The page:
There is no limit to the number of traditional individual retirement accounts, or IRAs, that you can establish. But you'll still be subject to your annual maximum contribution limits, so you cannot simply max out each account that you have. In other words, if you have say a Traditional and a Roth IRA you can contribute $3,000 to each this year, but no more than $6,000 combined.
You must also have eligible compensation, which includes wages, salary, or self-employment income for any year you contribute. That leaves out income from things like pensions, annuities, interest, dividends, and rentals.
- There is no limit to the number of traditional individual retirement accounts, or IRAs, that you can establish.
- However, if you establish multiple IRAs, you cannot contribute more than the contribution limits across all your accounts in a given year.
- If your spouse has little or no income, you are allowed to make contributions on their behalf, which can double the amount of money saved for retirement.
- Each account may have associated fees that affect the returns on the accounts overall.
In early January 2020, President Trump signed the “Setting Every Community Up for Retirement Enhancement” or the SECURE Act. This is an attempt to improve retirement security for all Americans. The bill eliminates the maximum age for traditional IRA contributions, which was previously capped at 70.5 years old. A Roth IRA can also be established at any age, as long as you have eligible compensation and meet the income requirements.
IRA Contribution Limits
Keep in mind that regardless of the number of IRAs you maintain, you still cannot contribute in total more than the annual contribution limits. For 2020, the IRS states that these are as follows:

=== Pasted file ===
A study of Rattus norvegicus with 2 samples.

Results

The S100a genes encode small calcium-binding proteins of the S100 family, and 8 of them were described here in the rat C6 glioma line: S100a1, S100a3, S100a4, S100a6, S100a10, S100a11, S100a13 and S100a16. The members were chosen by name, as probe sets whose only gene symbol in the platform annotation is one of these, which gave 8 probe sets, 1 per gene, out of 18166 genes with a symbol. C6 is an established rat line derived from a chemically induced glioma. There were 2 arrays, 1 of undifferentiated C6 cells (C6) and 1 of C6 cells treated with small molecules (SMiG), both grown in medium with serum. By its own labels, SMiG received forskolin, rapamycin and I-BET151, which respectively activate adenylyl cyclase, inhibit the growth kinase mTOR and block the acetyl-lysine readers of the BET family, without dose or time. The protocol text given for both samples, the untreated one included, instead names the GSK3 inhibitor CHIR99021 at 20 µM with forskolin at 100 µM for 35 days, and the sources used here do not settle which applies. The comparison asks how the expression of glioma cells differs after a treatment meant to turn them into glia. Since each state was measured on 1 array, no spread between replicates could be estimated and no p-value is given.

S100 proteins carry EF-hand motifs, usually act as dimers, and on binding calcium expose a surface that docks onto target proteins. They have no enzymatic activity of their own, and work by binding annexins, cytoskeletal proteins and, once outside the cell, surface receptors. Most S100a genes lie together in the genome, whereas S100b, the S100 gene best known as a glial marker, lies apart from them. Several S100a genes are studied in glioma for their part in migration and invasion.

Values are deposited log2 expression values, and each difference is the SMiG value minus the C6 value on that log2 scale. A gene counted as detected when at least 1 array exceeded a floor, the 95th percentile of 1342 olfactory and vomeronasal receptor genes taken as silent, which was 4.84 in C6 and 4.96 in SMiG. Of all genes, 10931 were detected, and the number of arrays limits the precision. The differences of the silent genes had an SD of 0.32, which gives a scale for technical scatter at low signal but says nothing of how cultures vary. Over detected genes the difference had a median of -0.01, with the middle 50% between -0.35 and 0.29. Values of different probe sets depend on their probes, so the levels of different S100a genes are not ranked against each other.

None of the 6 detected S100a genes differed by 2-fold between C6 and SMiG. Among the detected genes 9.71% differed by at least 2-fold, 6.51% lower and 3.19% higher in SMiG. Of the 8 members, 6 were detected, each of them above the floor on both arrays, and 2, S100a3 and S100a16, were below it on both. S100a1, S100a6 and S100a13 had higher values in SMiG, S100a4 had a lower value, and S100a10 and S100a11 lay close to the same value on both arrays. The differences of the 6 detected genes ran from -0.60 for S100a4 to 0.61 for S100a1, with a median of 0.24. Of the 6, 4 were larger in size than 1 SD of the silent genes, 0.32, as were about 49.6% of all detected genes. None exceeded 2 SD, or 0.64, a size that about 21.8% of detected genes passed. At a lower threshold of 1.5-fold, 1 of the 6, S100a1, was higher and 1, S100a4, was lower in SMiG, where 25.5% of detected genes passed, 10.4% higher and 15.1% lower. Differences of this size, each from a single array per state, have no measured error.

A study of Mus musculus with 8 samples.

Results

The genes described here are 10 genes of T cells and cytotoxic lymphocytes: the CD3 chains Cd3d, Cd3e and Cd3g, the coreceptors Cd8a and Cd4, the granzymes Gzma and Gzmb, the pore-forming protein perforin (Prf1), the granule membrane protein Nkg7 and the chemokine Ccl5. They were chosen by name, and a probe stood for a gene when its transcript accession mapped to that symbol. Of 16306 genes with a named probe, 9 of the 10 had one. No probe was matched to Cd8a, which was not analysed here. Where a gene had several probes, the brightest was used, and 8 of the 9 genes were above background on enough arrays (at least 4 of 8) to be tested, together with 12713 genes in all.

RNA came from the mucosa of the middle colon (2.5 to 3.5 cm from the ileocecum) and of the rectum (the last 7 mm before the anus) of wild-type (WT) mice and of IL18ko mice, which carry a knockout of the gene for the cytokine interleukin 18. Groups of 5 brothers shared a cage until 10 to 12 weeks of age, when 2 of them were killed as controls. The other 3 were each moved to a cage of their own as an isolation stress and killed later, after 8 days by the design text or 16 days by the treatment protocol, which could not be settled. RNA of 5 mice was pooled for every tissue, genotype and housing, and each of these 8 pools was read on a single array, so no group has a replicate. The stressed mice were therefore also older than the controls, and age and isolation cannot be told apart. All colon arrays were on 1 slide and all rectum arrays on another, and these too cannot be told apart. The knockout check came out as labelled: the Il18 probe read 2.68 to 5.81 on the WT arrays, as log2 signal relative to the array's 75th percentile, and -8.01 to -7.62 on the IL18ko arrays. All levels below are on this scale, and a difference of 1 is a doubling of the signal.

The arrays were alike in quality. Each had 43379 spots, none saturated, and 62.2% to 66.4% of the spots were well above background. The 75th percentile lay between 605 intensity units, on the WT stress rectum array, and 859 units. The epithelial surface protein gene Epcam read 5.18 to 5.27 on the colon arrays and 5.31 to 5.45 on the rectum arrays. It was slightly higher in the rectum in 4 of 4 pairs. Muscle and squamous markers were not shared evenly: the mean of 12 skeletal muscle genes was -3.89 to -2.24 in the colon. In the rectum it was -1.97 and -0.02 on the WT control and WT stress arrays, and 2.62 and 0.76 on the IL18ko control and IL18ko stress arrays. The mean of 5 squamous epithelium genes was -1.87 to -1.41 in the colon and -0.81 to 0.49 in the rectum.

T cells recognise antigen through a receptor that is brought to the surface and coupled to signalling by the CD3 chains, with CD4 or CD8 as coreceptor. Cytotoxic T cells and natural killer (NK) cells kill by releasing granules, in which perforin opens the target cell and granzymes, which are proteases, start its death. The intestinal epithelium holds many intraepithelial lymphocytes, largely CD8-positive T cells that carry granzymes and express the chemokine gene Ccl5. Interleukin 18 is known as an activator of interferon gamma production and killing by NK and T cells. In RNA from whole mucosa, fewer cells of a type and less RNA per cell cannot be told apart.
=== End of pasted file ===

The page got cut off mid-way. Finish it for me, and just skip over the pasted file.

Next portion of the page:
- $6,000 if you are under age 50
- $7,000 if you are age 50 or older (the additional $1,000 is known as a catch-up contribution)
You are allowed to contribute 100% of your compensation up to $6,000 (or $7,000 if you are 50 or over), and all regular IRA contributions must be made in cash (which includes checks), not in securities. You can divide up the permitted contribution among your IRAs or contribute the whole amount to one IRA.
If your spouse has little or no income, you are allowed to make contributions on their behalf—commonly known as spousal IRA contributions. The same rules apply as those for traditional IRA contributions. Your spouse will have their own IRA account since IRA accounts are not allowed to be held jointly. This allows a family to double the amount of money set aside for retirement. (Note: Should you divorce, the spousal account belongs to the spouse whose name is on that account, not the spouse whose earnings provided the contributions.)
Here are the requirements for opening a spousal account:
- You must be married and file a joint tax return.
- You must have eligible compensation to make contributions.
- The total contribution for both you and your spouse cannot be more than your taxable compensation reported on your joint tax return.
The Bottom Line
If you decide to establish multiple IRAs, remember that annual maintenance fees may apply to each IRA. These fees can average from $50 to $100 per year. Fees can eat into your returns, so it is important to be knowledgeable about all of your retirement account fees.